Parents allege fertility clinic impregnated mother with sperm of another man
After having trouble conceiving on their own, a white couple opted for in-vitro fertilization and gave birth to a baby girl. When their daughter was a toddler, they grew concerned that she didn't look like them.
"When she was born, all my friends said, 'Oh, she looks Asian, she looks Asian,'" said Kristina Koedderich, the girl's mother. "We were cracking the jokes... but you just figure every baby, like, looks different when they're born."
For nearly four years, Koedderich and her now ex-husband Drew Wasilewski have been wondering who is their daughter's biological father.
Koedderich gave birth to her daughter in 2013. When the girl was about 2 years old, the mother said she noticed her daughter's features were different than hers. Then, strangers also began asking whether they had adopted her.
A DNA test in 2015 confirmed that Wasilewski was not related to the girl, the lawsuit says.
After getting the DNA results, the New Jersey parents said they called the Institute for Reproductive Medicine and Science at St. Barnabas looking for answers, but they said staff members only apologized and told them they couldn't confirm that something went wrong.
Koedderich and Wasilewski filed a lawsuit accusing the Livingston, New Jersey-based fertility clinic as well as several of its employees of failing to maintain a proper chain of custody of semen samples and impregnating Koedderich with the sperm of a man who was not her husband.
The defendants in the case have suggested that an extramarital affair led to the birth of the girl, according to a court order compelling the defense to produce records.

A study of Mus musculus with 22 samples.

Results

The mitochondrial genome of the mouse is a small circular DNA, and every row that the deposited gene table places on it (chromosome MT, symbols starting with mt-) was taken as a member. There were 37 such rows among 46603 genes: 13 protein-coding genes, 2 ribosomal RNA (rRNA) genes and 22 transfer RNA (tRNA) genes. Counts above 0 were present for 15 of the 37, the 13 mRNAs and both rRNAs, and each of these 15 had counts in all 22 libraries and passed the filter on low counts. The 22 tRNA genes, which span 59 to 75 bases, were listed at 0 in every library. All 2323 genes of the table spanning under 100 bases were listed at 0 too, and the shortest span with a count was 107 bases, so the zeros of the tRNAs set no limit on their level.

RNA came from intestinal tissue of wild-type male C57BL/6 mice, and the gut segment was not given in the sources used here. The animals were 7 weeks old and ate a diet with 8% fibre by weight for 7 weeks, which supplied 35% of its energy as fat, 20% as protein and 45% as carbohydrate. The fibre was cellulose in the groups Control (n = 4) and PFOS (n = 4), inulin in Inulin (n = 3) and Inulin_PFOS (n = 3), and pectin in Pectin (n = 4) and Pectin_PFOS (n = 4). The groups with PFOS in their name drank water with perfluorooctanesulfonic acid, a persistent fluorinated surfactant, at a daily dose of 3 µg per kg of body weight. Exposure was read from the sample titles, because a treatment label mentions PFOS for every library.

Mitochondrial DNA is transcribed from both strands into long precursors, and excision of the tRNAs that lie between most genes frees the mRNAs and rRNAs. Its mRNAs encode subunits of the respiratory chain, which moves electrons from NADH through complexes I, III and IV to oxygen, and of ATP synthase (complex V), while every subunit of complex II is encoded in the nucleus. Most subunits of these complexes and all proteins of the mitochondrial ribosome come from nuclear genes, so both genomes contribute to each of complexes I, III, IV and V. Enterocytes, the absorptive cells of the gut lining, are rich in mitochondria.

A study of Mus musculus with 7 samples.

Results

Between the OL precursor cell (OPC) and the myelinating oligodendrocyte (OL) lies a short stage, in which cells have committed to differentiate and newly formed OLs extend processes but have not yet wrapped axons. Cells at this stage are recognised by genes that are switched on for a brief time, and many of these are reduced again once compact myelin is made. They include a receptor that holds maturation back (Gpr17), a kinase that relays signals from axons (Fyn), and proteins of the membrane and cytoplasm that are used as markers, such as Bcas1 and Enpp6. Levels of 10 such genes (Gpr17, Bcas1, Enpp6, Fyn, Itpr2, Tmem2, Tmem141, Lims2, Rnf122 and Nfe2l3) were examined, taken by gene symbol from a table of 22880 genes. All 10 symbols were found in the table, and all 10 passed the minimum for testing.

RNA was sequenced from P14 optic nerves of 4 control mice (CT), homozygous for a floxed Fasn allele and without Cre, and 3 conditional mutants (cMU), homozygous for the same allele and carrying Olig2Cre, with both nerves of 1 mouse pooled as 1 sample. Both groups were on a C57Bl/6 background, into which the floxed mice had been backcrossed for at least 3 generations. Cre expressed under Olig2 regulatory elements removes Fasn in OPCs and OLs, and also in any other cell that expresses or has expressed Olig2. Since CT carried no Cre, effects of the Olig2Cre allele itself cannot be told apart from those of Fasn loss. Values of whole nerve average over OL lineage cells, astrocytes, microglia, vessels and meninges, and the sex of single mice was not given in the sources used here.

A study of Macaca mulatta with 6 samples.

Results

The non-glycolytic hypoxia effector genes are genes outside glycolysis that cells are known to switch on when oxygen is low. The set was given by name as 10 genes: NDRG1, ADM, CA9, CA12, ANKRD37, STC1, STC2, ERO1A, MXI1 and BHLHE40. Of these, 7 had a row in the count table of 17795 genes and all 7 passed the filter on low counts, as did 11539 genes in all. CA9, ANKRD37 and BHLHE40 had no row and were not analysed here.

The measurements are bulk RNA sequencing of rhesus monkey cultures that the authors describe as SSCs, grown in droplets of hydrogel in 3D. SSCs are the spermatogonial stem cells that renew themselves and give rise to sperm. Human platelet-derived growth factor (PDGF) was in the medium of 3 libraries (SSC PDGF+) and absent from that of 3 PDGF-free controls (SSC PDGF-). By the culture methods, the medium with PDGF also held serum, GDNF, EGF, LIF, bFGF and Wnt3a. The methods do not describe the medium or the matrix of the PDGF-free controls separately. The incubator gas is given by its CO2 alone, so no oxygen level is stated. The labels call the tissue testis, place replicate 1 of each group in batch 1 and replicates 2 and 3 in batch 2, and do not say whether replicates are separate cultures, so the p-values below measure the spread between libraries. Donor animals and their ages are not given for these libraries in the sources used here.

Dr. John Garrisi, the director of embryology laboratory at the clinic, said in a deposition conducted in March that the procedure was done correctly.
"Mr. Wasilewski's sperm was used for the insemination of Mrs. Wasilewski's (Koedderich) eggs." Garrisi said in the deposition.
Ronn Torossian, a spokesman for the Institute for Reproductive Medicine and Science, told CNN the clinic does not comment on individual patient matters but said they are taking the case "very seriously."
"We are an organization comprised of passionate, dedicated medical professionals whose singular mission is to help our patients build their families," Torossian said in a statement. "The integrity of our treatment processes are paramount and we are taking this matter very seriously. As such, we are thoroughly examining the alleged incident, which is said to have occurred in 2012."
Lawyers representing the other defendants did not return CNN's requests for comment.
Koedderich and Wasilewski are also alleging the fertility clinic and the rest of the defendants failed to properly test Koedderich and inform her of the improper fertilization, according to the filing.
In addition to their daughter not being Wasilewski's biological child, the parents' lawsuit cites the defendants' negligence as a reason for the breakdown of their marriage and raises the possibility that Wasilewski could have numerous other biological children that he's not aware of, the document states.
"If they are out there, I want to tell them who I am ... who their grandmother is and who their grandfather is," Waskilewski said.
Last month, Superior Court Judge Keith Lynott ordered the clinic to maintain all records and identities of the semen donors who used the facility around the time Koedderich was impregnated, court documents show.
The case is still pending.
"She's the most adorable little kid," Wasilewski said. "I want to be there as long as I can. But it still doesn't make it right what happened."
Their daughter may be too young to understand what is happening, but when she's ready, no matter what happens, Koedderich and Wasilewski say they want her to see they did everything they could to find the truth.